Research output: Chapter in Book/Report/Conference proceedingChapter

Original languageEnglish
Title of host publicationLearning in Graphical Models
EditorsMichael I. Jordan
PublisherMIT Press
Pages371–403
Number of pages33
ISBN (Print)9780262600323
Publication statusPublished - 1 Jan 1999

Publication series

NameAdaptive Computation and Machine Learning
PublisherMIT Press

Abstract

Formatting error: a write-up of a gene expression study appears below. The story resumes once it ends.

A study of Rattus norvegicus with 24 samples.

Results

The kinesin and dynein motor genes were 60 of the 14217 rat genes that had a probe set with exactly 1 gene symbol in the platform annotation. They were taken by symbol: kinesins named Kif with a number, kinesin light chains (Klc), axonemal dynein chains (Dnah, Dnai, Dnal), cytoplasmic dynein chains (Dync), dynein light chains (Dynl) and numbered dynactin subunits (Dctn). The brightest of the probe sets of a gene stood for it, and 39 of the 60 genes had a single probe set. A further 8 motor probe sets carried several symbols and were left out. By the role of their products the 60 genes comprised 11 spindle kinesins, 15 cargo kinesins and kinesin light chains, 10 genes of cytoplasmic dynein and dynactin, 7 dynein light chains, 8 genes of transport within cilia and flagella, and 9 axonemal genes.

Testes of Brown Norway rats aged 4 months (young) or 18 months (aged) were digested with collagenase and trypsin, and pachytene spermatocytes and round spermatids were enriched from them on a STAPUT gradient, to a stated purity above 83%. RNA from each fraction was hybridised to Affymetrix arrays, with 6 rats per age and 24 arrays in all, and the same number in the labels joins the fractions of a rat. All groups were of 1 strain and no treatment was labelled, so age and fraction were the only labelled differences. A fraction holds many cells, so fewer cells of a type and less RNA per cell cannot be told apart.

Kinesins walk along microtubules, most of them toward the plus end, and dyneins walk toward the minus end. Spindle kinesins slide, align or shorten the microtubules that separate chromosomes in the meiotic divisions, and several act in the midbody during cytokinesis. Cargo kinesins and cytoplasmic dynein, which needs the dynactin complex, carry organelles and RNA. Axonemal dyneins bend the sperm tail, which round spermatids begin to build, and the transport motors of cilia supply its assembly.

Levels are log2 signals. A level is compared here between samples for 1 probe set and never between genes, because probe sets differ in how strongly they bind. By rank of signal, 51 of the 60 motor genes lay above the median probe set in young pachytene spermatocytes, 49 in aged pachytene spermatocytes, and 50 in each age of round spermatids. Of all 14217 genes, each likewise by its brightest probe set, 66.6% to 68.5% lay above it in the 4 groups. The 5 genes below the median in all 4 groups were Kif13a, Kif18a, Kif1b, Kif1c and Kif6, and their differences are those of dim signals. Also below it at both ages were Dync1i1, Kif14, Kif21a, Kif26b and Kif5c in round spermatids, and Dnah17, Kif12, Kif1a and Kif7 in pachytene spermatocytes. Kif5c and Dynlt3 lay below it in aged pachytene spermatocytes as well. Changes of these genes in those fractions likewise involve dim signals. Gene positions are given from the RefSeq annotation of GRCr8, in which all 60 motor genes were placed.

A powerful approach to probabilistic modelling involves supplementing a set of observed variables with additional latent, or hidden, variables. By defining a joint distribution over visible and latent variables, the corresponding distribution of the observed variables is then obtained by marginalization. This allows relatively complex distributions to be expressed in terms of more tractable joint distributions over the expanded variable space. One well-known example of a hidden variable model is the mixture distribution in which the hidden variable is the discrete component label. In the case of continuous latent variables we obtain models such as factor analysis. The structure of such probabilistic models can be made particularly transparent by giving them a graphical representation, usually in terms of a directed acyclic graph, or Bayesian network. In this chapter we provide an overview of latent variable models for representing continuous variables. We show how a particular form of linear latent variable model can be used to provide a probabilistic formulation of the well-known technique of principal components analysis (PCA). By extending this technique to mixtures, and hierarchical mixtures, of probabilistic PCA models we are led to a powerful interactive algorithm for data visualization. We also show how the probabilistic PCA approach can be generalized to non-linear latent variable models leading to the Generative Topographic Mapping algorithm (GTM). Finally, we show how GTM can itself be extended to model temporal data.